Lung damage from gasoline siphoning assessed with chest CT

Using CT, Korean researchers have been able to accurately locate and diagnose damage produced in the lungs of patients who have accidentally swallowed fuel while siphoning it from car tanks.

Using CT, Korean researchers have been able to accurately locate and diagnose damage produced in the lungs of patients who have accidentally swallowed fuel while siphoning it from car tanks.

Fuel ingestion can lead to nasty gastrointestinal symptoms, but aspiration pneumonitis is its most potentially lethal complication, followed by complications to the central nervous and cardiovascular systems. Several case reports with radiographic evidence exist on hydrocarbon-induced pneumonitis in fire-eaters. However, according to the investigative team from Pusan National University School of Medicine, led by radiologist Dr. Mi Seon Yi, the specific features of hydrocarbon pneumonitis after fuel siphonage have not been described in the clinical literature.

Yi and colleagues identified five patients with hydrocarbon pneumonitis who underwent chest CT at their institution from August 1997 to July 2008. These patients had accidentally aspirated diesel fuel while siphoning it from car tanks and presented to the emergency room with cough, dyspnea, and fever. Three of them had chest pain and one was admitted with hemoptysis. The investigators had speculated that CT findings of hydrocarbon pneumonitis in these patients would be different from those in fire-eaters. Fuel siphonage patients usually suffer the accident while bending forward. Fire-eaters, on the other hand, always perform in a standing position. Their type of pneumonitis involves mostly the lower lobes of the lungs.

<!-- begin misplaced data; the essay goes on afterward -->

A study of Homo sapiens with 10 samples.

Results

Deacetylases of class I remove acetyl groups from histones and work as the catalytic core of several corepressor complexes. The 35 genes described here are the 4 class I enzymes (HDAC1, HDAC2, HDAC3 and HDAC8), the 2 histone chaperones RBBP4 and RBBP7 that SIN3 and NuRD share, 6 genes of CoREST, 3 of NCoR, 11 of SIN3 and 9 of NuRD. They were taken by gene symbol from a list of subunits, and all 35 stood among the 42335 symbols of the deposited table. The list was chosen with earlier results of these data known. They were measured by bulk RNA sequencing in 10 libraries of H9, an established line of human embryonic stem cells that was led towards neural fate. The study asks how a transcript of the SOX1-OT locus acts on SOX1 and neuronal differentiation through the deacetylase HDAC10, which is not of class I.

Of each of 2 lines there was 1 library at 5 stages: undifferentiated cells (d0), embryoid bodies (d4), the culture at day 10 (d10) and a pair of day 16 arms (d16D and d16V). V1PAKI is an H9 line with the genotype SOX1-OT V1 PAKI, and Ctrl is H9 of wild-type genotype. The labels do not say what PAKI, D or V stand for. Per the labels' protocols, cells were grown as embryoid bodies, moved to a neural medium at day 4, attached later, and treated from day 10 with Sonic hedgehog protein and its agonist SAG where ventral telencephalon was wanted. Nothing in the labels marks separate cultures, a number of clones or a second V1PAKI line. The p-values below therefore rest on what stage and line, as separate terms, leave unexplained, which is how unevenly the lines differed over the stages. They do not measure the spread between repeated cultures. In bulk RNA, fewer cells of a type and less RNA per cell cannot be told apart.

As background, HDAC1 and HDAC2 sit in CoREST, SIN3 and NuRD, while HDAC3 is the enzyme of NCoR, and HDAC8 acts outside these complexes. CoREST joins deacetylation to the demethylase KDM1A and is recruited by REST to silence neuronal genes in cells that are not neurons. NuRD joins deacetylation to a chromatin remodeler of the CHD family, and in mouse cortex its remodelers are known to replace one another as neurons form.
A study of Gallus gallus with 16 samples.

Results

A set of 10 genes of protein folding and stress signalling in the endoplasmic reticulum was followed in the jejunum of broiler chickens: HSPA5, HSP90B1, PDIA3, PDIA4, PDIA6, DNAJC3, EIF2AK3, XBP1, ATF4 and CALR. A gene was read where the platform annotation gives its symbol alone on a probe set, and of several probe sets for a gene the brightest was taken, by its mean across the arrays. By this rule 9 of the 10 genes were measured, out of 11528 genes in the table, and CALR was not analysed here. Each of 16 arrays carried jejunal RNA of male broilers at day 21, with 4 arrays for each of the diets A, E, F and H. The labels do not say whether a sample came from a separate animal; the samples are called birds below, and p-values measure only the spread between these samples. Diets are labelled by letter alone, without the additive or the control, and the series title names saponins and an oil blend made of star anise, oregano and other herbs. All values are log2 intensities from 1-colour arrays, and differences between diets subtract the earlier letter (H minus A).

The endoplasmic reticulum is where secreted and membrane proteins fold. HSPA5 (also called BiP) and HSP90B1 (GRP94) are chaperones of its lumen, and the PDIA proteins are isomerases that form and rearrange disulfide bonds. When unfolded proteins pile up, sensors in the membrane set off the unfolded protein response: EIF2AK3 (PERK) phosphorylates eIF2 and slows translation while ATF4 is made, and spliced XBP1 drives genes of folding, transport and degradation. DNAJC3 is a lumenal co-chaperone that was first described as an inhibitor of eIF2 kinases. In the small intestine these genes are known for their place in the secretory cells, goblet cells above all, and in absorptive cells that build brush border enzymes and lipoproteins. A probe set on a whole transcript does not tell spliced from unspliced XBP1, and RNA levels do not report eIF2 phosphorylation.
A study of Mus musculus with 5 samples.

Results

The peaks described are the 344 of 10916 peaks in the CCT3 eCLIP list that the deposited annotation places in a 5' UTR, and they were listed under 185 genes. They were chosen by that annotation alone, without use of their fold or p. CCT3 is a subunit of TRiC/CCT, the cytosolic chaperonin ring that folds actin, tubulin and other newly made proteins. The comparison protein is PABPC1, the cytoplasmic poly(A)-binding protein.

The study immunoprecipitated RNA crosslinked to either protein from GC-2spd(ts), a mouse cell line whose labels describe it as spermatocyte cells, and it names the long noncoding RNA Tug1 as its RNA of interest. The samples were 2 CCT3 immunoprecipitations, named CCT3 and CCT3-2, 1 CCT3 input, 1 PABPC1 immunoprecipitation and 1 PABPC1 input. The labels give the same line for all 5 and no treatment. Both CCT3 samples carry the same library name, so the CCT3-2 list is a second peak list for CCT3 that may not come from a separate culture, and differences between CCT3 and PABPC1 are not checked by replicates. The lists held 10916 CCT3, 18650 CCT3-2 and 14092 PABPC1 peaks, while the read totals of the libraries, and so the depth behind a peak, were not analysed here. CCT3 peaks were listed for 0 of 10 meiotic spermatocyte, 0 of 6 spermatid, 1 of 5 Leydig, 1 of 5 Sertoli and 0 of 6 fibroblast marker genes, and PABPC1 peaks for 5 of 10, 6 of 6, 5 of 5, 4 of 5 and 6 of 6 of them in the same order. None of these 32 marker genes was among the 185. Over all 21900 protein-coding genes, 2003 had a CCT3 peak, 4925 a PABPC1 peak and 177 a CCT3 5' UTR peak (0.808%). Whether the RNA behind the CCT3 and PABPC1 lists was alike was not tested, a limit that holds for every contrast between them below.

CT findings confirmed the researchers' theories. Although hydrocarbon pneumonitis after fuel siphonage involved mostly both lungs, the condition led to necrotic air-space consolidation predominantly in the right middle lobe. They published findings in the October issue of the American Journal of Roentgenology (2009;193[4]:1118-1121).

According to the National Capital Poison Center in Washington, DC, poisoning by fuel ingestion is one of the most common household accidents in the U.S. Ironically, its frequency increases when gas prices become harder to digest. News stories from 1979 and 2008, when fuel prices skyrocketed, reported hundreds of patients presenting to emergency rooms with accidental poisoning from fuel siphoning. Adding CT findings to the clinical assessment could be useful for accurate diagnosis of hydrocarbon pneumonitis, investigators wrote in their report.